Love, Liberty, and the State
By Robert Higgs • Thursday November 15, 2012 8:41 PM PST •
Love takes many forms—in personal relations, in work and other creative endeavors, in charity toward the needy, in spiritual commitments that give deeper meaning to life amid its inevitable challenges and losses. Love gives us a reason to continue despite discouragements and difficulties, to keep trying to make still another comeback after we have been crushed in body or spirit.
Freedom provides the spaces we need to express our love, to pursue our passions in regard to where and how we live, to choose our goals freely and pursue them as we think best, to practice the arts and professions that most attract us, to allocate our personal and material means as we please in the service of our own purposes, to live without feeling a constant need to look over our shoulders, lest we incur the wrath of a state functionary or a policeman in search of his next victim.
If we have love and liberty, other things follow naturally, at least as naturally as the laws of nature, society, and economics allow. Liberty gives us room for maneuver as we construct our lives in accordance with our loves.
It is no wonder that the state’s essential nature entails its thwarting of love and liberty—nay, even worse—its breeding and fostering of their exact opposites.
States thrive on hatred. In their very establishment, through conquest and the pillaging of conquered people, they make themselves hateful by their own violence and cruelty. In the course of their post-conquest histories, when the formerly roving bandits have discovered that stationary banditry pays better than hit-and-run plunder, they hold their odious threats of violence constantly over their subjects’ heads to ensure that no one dare resist their rule or their demands for tribute and abasement.
After democracy enters the picture, and political parties form coalitions to seize control of state powers, the parties provoke and enlarge hatred in order to attract and maintain loyal members. They constantly harp on how the overriding element in every political issue boils down to a question of “us” against the hated “them.” Societal division and conflict form the fertile soil in which they plant their poisonous proposals for robbing “them” and dividing the spoils among “us.” Thus, by keeping the pot of (largely artificial) class, group, sectional, and race conflicts boiling, democratic political parties smash the love that might grow among cooperative and peaceful people working together for their mutual advantage and replace it with spiritual turmoil and restless contempt for everyone outside the party’s arbitrary bounds.
Of course, it scarcely needs to be said that this kind of organized hatred goes hand in hand with the state’s attacks on people’s liberties. Some of these attacks aim at damaging the “others” outside the ruling coalition, but some of them ironically damage almost everyone in the service of augmenting the state’s power and splendor—always in order (or so the rulers assert) ultimately to serve the general public interest or to gain some great advantage for the nation as a whole, or at least for everyone except the members of unpopular minorities.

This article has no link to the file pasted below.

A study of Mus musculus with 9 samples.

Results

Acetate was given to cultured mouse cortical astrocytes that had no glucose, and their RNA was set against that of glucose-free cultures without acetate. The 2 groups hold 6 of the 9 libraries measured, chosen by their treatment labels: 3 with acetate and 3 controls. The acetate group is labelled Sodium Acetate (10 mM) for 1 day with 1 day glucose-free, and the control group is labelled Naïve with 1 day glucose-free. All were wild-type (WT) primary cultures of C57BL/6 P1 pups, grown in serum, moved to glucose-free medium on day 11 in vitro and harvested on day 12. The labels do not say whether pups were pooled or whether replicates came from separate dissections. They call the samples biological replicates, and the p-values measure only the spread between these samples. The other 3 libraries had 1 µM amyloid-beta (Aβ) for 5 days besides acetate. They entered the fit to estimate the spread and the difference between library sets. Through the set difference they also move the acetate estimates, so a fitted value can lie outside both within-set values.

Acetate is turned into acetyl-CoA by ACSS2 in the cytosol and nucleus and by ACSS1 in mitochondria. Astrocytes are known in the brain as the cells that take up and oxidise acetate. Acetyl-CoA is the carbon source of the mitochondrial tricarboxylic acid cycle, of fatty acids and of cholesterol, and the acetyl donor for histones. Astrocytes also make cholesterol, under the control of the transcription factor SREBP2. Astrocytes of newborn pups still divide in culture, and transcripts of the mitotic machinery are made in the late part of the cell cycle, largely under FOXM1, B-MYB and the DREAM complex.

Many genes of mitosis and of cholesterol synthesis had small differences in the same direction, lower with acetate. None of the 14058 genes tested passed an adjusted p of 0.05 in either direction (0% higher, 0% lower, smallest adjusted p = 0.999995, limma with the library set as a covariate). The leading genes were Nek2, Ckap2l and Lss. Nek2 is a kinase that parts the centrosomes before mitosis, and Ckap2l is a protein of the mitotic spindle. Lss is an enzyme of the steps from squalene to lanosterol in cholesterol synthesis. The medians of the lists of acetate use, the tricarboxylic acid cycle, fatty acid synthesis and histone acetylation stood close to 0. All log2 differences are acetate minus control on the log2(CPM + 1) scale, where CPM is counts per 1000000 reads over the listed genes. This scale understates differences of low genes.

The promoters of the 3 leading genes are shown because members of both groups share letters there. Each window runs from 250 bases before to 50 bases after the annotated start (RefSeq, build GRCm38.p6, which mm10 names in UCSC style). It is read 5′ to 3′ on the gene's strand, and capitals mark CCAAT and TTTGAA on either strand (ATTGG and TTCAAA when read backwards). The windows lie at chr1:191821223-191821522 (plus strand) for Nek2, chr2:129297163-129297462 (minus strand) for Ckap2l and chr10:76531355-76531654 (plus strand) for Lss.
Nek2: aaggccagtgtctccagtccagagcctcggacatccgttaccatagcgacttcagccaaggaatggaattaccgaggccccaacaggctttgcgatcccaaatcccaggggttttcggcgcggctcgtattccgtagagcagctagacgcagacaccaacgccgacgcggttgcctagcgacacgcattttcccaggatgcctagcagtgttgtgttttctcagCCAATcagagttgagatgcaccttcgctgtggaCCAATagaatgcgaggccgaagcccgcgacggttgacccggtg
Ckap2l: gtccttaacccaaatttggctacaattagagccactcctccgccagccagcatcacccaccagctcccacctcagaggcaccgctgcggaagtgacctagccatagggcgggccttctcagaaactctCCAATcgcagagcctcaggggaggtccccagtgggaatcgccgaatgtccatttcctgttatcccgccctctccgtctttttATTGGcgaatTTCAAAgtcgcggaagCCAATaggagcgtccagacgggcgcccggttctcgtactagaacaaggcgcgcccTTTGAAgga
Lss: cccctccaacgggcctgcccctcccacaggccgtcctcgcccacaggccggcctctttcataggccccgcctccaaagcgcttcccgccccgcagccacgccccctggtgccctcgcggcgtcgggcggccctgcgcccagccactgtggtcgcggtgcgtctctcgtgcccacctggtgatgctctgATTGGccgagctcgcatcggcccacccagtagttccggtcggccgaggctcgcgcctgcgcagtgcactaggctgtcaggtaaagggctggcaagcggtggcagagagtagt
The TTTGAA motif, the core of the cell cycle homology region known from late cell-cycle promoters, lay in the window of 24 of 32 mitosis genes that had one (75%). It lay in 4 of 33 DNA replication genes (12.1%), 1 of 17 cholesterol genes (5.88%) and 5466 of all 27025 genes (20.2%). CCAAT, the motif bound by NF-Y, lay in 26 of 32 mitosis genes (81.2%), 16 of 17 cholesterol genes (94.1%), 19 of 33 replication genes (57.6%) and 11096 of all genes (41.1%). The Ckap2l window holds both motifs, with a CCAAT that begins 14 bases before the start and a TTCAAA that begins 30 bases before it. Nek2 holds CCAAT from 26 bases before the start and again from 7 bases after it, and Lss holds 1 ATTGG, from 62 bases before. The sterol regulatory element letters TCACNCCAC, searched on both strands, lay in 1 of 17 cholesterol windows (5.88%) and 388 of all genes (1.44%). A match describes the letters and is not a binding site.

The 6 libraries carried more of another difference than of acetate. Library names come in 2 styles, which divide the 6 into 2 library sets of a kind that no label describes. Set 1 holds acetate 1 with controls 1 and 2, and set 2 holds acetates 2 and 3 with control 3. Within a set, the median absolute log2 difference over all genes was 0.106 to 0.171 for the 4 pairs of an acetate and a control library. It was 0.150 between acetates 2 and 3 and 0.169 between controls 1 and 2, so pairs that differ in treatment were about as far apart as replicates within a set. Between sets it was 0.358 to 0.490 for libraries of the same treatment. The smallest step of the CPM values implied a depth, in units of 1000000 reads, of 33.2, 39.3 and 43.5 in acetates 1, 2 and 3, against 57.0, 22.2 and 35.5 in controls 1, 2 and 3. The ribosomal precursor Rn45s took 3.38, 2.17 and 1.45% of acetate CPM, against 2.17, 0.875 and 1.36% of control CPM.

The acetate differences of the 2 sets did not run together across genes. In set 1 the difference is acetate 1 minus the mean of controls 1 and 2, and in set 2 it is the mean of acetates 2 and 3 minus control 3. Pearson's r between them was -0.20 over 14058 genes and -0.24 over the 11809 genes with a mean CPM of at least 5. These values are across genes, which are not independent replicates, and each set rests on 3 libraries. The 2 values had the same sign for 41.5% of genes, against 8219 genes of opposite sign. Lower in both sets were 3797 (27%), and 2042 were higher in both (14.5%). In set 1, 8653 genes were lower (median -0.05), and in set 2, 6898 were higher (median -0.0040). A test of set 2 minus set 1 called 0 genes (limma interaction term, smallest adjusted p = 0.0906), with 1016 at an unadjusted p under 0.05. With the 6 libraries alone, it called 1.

Amid the dishonesty, hatred, and violence inherent in a state’s rule, whether under democracy or some other political order, decent people lose the freedoms to express their love in peaceful, creative, and productive ways. Like a muscle, love unexercised tends to atrophy. State-dominated societies are always hate-ridden and spiteful; they turn individuals against one another in countless ways as they crush the liberties that allow positive-sum games to proliferate and establish instead negative-sum games in which if a man does not crush his fellow, that fellow will crush him. Envy and suspicion run rampant. The cheerful good natures that readily develop and sustain themselves among peaceful, free, and prosperous people wither away. The whole world turns into East Germany.
Love and liberty are fundamentally incompatible with the state’s existence and operation. This relation exists not because states begin good and eventually go bad, but because the state is intrinsically an organization whose establishment and operation rest on violence and plunder, which in turn foster hatred and the denial of liberties. Hence, under state rule, decent people’s attempts to build good lives for themselves encounter a plethora of obstacles put in their paths by state functionaries backed by ruling coalitions. Countless intellectuals have reasoned that if the state would only do X, Y, or Z, it would make good lives possible for the masses. Such reasoning flies in the face of the state’s very nature. Sensible people do not invite a viper to live in their home, much less to make it happier.